Recently Netflix invited fans of Ubisoft’s popular Assassin’s Creed video games to take a Leap of Faith, with the announcement that the games were soon to receive a live-action series adaptation. With November 13 marking 13 years exactly from the first game’s release, we thought it a good time to list some of the things we’d most love to see in the Netflix show. Some of them may be super contradictory, but we figure that’s perfectly on tone with most of the game series’ metaplot. 

Leave Ezio Alone
An image from the game version of Assassin's Creed.

Ubisoft

Ezio Auditore da Firenze is the bomb. His arc from Assassin’s Creed II through Revelations is one of the most fully realized and awesome storylines throughout the game series. All this makes it extremely tempting to use him in an adaptation. But it’s hard to imagine improving upon what was already done. That’s not saying it couldn’t work; after all, The Witcher managed to make a version of Geralt of Rivia that book readers and gamer audiences adore. But he’s also the literal namesake of The Witcher, whereas the AC series offers loads of other paths. 

Kassandra

Here’s one of those contradictions. Assassin’s Creed Odyssey was an immensely popular addition to the games’ roster. Odyssey helped give it a much-needed boost of adrenaline after some less than ideal product launches had caused it to stumble. This was in no small part aided by the charisma of its two potential leads, Alexios and Kassandra. And no shade to the Alexios fans out there, but our allegiance lies with the one true Eagle Bearer. What makes Kass different than Ezio is that the game’s own storyline has built-in longevity for her. While adapting her own story could be rife with the same issues, there are literally centuries of her life during which she could reappear in other assassins’ stories.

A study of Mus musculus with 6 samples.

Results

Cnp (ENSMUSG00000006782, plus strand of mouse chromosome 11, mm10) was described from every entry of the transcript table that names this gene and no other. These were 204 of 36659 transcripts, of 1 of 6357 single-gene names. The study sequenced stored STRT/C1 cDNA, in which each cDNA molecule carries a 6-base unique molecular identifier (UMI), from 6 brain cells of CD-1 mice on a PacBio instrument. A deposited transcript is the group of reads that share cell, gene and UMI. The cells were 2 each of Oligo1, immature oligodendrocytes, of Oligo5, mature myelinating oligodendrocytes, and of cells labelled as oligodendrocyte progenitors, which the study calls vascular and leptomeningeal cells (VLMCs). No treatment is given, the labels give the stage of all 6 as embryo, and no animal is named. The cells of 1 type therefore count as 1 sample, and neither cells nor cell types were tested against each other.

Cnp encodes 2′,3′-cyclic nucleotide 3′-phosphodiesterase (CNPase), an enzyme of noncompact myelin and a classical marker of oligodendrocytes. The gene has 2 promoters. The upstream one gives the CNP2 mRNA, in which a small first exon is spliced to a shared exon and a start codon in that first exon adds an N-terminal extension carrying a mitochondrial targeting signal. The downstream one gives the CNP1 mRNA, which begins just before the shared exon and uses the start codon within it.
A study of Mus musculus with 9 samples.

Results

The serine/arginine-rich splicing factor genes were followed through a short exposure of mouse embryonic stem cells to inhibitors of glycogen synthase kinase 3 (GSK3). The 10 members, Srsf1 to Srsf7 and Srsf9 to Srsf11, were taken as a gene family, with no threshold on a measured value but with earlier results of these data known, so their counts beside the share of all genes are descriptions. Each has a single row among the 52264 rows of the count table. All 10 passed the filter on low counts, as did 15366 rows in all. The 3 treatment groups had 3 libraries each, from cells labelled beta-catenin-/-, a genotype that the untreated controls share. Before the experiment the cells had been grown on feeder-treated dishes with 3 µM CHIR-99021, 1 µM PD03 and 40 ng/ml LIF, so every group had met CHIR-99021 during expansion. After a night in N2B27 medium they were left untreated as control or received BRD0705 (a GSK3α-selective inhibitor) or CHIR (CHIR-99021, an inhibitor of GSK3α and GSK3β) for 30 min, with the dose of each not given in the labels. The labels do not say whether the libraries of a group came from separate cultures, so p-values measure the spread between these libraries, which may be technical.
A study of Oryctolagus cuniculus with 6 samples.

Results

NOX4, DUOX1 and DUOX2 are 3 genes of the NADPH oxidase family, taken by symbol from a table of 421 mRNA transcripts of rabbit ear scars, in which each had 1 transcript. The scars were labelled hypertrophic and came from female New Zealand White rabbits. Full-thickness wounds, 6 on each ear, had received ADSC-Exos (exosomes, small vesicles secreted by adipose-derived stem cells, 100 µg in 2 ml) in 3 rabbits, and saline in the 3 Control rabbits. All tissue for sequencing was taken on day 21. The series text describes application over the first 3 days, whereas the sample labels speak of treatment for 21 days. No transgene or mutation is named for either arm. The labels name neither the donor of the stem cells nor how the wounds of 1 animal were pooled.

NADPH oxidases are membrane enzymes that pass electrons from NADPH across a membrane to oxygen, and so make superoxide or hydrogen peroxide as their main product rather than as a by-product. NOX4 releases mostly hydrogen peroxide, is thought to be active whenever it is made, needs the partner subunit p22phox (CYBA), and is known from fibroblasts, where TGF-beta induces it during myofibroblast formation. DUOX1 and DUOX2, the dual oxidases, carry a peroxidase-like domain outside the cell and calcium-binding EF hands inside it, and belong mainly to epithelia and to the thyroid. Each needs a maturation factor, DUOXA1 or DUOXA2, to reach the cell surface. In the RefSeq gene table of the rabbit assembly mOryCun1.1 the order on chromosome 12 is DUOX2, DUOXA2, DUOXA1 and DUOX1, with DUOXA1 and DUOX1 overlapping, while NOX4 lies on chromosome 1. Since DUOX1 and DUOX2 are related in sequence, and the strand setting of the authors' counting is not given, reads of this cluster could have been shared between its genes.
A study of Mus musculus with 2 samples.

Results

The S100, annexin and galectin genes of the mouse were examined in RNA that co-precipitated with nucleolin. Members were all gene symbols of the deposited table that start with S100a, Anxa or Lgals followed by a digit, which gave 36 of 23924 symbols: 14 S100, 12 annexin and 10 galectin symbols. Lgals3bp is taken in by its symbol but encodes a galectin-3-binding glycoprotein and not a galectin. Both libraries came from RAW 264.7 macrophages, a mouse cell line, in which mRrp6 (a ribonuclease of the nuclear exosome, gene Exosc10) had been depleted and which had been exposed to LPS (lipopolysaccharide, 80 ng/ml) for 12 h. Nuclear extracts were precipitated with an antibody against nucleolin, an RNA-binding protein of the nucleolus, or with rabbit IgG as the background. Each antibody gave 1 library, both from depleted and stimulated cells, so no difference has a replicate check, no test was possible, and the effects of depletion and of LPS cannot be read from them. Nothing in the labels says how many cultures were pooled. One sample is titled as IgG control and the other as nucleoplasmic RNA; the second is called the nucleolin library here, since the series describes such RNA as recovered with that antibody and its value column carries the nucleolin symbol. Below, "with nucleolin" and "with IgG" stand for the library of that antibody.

Plan. Out. Your. Meta. Plot.

Each AC game manages to tell a (mostly) stand-alone story set in a past era while advancing a modern-day plot that stretches out over several games. This can be good or bad, depending on which stretch of games you look at. The current run from Origins through Valhalla has had a lot of success with Layla Hassan. But there was a five-year period there where the meta plot meandered greatly. It’s unlikely that the series will jettison something so iconic to the series (though some claim that the games could afford to do just that). So instead, those crafting the show should simply have multiple seasons’ worth of a very clear and distinct storyline for the modern-day stuff that the audience can follow. (Also we hope that not reviving Desmond Miles for the TV series is just a no-brainer.)

Don’t Try Too Hard to Replicate Gameplay

There are a few visual elements of the Assassin’s Creed games that we expect will find their way into the show. Things like the stylistic assassinations, the eagle eye effects, and the occasional visual glitches that remind us that these characters are actually playing out a computer simulation of dead assassins’ memories. But let’s not forget that much of the early criticisms of the game is that many of the missions can get pretty repetitive pretty quickly. No one wants to watch a TV hero constantly dipping into a crowd of clerics with his hood up or climbing to the top of every single tall structure or mountain she can find just to look out and unlock more of the map. This may seem like an obvious suggestion, but that’s only if you didn’t watch the Battleship movie bend over backward to make the board game’s playstyle work for their alien invasion plot. 

Show Us Something New!

Similar to our initial point about Ezio, the thing that makes Assassin’s Creed’s narrative so cool for a game series is that it absolutely is not married to a single protagonist or even time period. The fact that every major new chapter of the games has brought us a brand new assassin from a different time period is a huge, huge part of its longevity. There are so many other historical eras of the world and different famous assassins from different cultures and ethnicities with stories that can inspire new tales. This TV series feels like a perfect opportunity to expand the lore rather than tread old ground. Like we said above, the repetitiveness has always been the weakest part of the games. So why risk it for the show? 

Featured Image: Ubisoft

Riley Silverman is a Nerdist contributing writer. She can be found on Twitter and Instagram. Her comedy album Intimate Apparel is available digitally online.